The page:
Now we’ve already covered the first fictional werewolf tale, but what about the first real werewolf story? For this story we’ll have to go to the beautiful country of Ireland. Yes, one of the very first real werewolves comes from the picturesque Ireland.
Once, long ago Ireland was known as “Wolfland” for all the countless wolves that overran the small island causing all sorts of hassles and well, deaths even. With this in mind it makes sense that the first recorded werewolf tales came from Ireland.
This supposedly true story, according to Giraldus Cambrensis, was said to have occurred only a few years before the arrival of Prince John in Ireland. An unnamed priest was traveling from Ulster to Meath on an important mission with his assistant, a young boy. The two stopped for the night near woods at the edge of the See of Ossory. As they lay down to sleep, the priest hears a human voice calling from the nearby forest. He gets up and looking out into the darkness and sees a giant wolf coming near. The priest and boy draw back in terror, but the wolf speaks in a human voice and tells them not to be afraid. The wolf said that he wasn’t really a wild animal, but a man that was part of a clan from the district that had been cursed by a grumpy saint named St. Natalis.
What happened was every seven years two of their clan had to assume the shape of a wolves and go to live in the forest. After seven years pass, they come back to the clan and resume human form, and then two others take on wolf form. The last couple that had taken wolf form was a man and woman, a husband and wife that had taken wolf form when they were very old and the forest life didn’t work out too well for them. The wolf speaking to the priest was the husband; his wife was very sick and dying. The wolf had come to look for a priest to give her the last rites. The wolf asked the priest to come with him and administer the Holy Sacrament The priest reluctantly agreed , left the boy behind and followed the wolf, where they eventually they came to a den at the foot of a massive tree. Seeing the dying wolf woman, the priest asked for proof that she was indeed a woman and not a feral beast; the wolf man told the priest to cut a piece of her flesh off (eww). The cleric cuts off part of the she-wolf’s skin and is shocked to see the face of an elderly woman looking up at him. Without waiting another moment the priest quickly administered the blessings and the old woman died peacefully.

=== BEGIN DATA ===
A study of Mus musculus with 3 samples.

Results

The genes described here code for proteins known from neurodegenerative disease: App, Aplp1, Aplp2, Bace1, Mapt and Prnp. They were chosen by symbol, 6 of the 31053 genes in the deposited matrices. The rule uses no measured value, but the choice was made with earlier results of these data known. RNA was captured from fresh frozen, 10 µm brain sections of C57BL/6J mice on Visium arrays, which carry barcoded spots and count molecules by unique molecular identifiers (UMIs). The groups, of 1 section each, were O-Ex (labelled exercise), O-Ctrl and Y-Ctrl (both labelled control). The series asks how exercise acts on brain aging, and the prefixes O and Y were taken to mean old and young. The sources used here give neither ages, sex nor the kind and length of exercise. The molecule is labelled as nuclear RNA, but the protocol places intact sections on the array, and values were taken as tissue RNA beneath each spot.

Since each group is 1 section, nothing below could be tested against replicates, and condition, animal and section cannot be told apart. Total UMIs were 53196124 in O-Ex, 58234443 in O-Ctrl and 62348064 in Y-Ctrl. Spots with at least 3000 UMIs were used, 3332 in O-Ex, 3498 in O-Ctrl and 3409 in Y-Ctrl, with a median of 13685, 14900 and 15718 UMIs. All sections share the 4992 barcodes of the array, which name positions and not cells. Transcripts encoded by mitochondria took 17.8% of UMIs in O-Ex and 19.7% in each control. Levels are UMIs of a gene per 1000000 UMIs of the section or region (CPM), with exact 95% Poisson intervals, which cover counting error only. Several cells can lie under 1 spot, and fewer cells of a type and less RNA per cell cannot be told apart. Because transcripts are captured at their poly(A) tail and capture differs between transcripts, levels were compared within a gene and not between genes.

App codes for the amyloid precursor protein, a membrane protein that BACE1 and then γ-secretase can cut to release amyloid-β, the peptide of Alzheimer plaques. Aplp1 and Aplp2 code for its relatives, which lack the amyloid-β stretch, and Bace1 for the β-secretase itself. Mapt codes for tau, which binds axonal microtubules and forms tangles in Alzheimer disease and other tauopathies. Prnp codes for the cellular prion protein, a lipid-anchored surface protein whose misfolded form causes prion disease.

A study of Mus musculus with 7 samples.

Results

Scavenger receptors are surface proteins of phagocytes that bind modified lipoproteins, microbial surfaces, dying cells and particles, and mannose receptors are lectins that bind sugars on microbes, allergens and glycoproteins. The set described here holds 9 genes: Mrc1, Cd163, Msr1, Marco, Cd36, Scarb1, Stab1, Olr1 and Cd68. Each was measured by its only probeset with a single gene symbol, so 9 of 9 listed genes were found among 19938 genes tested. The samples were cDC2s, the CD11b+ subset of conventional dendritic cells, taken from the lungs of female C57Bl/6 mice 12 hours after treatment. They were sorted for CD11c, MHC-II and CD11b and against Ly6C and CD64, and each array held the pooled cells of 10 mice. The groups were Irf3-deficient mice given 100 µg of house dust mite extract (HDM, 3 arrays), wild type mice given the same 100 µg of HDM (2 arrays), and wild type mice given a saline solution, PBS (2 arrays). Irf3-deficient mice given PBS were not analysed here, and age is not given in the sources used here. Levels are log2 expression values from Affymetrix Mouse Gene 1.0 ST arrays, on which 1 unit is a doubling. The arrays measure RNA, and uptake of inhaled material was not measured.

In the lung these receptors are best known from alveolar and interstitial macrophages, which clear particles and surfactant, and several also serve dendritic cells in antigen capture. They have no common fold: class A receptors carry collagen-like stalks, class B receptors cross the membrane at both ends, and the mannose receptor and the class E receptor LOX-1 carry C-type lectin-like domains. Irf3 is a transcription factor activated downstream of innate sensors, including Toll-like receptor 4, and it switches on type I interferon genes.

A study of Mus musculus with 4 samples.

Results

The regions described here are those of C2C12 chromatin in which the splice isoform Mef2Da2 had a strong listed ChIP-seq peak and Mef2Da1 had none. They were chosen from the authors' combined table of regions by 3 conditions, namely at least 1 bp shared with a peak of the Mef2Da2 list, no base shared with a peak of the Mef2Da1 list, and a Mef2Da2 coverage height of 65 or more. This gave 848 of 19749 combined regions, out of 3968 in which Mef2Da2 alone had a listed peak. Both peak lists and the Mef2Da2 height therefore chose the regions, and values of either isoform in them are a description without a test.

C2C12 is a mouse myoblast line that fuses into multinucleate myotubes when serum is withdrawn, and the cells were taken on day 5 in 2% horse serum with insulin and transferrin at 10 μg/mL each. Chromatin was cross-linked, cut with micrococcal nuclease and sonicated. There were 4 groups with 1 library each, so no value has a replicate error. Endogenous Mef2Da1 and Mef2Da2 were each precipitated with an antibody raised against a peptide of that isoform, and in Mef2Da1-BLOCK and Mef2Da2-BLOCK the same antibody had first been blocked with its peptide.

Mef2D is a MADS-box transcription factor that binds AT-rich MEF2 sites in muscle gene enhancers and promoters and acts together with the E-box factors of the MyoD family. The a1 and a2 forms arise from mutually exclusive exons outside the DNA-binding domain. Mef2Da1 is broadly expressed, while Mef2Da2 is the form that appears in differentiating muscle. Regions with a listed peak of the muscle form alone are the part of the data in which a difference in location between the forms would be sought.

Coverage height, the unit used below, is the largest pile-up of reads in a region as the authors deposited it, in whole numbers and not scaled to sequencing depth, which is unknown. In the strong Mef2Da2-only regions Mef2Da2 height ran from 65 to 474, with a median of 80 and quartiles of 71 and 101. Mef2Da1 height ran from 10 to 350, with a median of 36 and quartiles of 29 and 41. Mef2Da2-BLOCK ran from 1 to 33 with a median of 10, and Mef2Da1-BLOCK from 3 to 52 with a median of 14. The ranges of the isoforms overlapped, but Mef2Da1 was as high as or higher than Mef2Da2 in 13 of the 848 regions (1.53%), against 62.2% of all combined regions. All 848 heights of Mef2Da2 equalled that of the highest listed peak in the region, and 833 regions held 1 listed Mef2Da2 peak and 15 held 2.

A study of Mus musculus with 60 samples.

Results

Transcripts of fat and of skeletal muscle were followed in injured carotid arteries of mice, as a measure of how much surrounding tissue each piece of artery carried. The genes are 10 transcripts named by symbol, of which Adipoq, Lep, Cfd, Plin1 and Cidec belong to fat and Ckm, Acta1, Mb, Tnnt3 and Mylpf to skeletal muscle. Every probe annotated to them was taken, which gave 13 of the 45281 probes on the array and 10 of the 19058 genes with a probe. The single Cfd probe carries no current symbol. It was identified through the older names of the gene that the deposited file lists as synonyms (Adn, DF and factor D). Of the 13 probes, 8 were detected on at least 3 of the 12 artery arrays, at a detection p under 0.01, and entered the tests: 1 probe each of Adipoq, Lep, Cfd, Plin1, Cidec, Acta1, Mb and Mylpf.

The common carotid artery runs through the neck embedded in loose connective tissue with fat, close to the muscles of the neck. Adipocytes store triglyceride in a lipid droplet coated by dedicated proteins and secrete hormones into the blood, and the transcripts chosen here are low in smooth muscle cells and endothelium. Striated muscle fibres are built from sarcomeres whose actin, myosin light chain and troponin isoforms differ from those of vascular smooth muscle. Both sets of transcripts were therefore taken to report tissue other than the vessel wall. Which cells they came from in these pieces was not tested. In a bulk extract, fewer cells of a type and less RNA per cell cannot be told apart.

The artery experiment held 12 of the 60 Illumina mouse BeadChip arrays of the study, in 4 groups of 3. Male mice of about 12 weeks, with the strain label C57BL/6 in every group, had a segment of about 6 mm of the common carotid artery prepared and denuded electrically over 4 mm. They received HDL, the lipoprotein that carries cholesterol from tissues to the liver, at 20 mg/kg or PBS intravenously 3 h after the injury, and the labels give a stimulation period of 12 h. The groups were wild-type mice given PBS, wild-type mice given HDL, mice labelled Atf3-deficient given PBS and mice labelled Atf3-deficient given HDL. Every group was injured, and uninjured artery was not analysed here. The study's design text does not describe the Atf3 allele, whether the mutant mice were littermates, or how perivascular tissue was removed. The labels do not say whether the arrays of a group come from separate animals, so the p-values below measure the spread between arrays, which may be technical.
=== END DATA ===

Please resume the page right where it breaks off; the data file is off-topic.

Afterward, the wolf walks the man back and makes several prophecies about the English in Ireland, then runs back into the woods. Even though the priest promised to see the wolf again, he never finds him a second time.
This story was believed to be true, seriously. Two years after this event, Giraldus was in the same area, where he was approached by two priests sent by the bishop to ask him his view on this “serious matter.” Giraldus met with the bishop of the town and gave his views in writing. These writings were then sent to the Bishop of Ossory then to Pope Urban III. Showing you just how serious they took this werewolf tale, one of the first ever recorded.